The Music of Trance: A Primer
Over the years, we have touched on the music and cultures featured in our recent Hip Deep program The Nature of Trance.
Haitian vodou is a complex, syncretic spiritual system derived from West African vodun, a form of spirit and ancestor worship spanning Benin, Togo, Ghana and Nigeria. In Haiti, as in West Africa, trance is an essential part of ceremonies, allowing the spirits, called loa, to enter the bodies of dancing practitioners.
Featured Artist: Val Jeanty, known as Val-Inc, is a drummer, singer, producer and turntablist who makes live Afro-electronic music drawing on Haitian vodou music. Raised in Haiti, she became involved at an early age in sacred trance music performance, and brings elements of this performance experience into the club environment.
The word tarab means “ecstasy,” and this style of music is known to induce ecstasy in performers and listeners alike across the Arab world. When all the elements of the music align perfectly, musicians and audience can achieve saltana, a mystical state of trance. Scholar and musician A.J. Racy guides us through the working of tarab specifically in Egypt and Syria.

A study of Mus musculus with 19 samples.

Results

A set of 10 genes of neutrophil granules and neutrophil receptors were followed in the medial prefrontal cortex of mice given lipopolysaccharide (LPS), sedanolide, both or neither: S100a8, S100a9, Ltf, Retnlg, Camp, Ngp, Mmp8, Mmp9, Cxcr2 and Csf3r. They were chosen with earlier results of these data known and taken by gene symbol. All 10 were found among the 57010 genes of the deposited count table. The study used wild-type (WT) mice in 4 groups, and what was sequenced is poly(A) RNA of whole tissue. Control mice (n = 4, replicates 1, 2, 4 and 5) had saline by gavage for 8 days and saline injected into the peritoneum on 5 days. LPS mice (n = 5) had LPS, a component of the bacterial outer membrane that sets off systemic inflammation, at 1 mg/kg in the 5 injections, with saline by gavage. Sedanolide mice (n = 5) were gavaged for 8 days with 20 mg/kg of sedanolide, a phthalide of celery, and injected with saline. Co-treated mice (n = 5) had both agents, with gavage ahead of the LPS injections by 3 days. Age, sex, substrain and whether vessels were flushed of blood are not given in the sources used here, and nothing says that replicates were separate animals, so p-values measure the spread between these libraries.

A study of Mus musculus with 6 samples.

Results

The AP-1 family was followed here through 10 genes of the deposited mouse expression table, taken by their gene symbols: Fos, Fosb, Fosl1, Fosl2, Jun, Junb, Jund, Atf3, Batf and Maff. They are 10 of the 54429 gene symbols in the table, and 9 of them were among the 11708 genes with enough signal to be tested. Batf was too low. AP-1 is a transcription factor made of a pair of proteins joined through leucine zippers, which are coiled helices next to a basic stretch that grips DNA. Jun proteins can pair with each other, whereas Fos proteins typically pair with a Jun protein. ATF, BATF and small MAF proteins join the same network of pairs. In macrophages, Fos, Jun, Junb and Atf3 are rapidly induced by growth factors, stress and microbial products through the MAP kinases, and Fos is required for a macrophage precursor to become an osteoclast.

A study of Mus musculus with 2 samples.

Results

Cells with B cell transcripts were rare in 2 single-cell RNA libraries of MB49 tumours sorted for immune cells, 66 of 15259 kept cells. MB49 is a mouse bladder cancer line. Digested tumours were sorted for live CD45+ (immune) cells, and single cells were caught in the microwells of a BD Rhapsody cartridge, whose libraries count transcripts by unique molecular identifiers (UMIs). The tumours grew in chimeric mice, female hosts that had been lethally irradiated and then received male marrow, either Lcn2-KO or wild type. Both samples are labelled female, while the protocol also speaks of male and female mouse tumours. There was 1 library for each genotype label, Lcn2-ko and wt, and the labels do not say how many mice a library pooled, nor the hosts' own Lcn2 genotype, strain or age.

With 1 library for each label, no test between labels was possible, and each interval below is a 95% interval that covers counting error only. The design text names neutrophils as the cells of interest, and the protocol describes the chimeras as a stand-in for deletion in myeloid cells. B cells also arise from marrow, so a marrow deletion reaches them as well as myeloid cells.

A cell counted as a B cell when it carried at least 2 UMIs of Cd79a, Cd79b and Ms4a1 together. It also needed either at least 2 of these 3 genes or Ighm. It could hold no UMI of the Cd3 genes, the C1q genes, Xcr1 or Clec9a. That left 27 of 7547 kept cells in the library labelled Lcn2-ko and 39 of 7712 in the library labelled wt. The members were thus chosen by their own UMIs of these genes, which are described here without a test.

Morocco and Gnawa
According to scholar Deborah Kapchan, trance has become “the signature aesthetic of Moroccan music,” from popular music to traditional Gnawa music. Gnawa is a spiritual Islamic brotherhood with roots in pre-Islamic sub-Saharan Africa. Their hypnotic music, using the three-stringed bass, guimbri, animates nighttime ceremonies for healing the sick, where spirits possess trancing dancers.
Zimbabwe: Shona Mbira
Among the Shona people of Zimbabwe, the mbira dzavuzimu is used in ceremonies known as bira, sometimes for healing, but also for giving thanks, honoring the deceased, praying for rain or for calling departed ancestors. The music induces spirit possession in specially chosen spirit mediums, often elders, who receive the spirit of an ancestor and then advise the attending people.
In Brazil, enslaved Africans transformed West African forms of spirit worship into candomblé, a syncretic religion venerating spirits known as orixas, basically Yoruba deities combined and aligned with Catholic saints. Ceremonies include drumming, singing, dancing and spirit possession through trance.
Cuba: Santeria, Palo, Arará
Similarly, in Cuba, enslaved Africans transformed West and Central African forms of spirit worship into santeria, a syncretic religion venerating spirits known as orishas, basically Yoruba deities combined and aligned with Catholic saints. In Cuba there are also musical and spiritual practices and deities from the region of Congo and Benin, known as palo monte and arará respectively.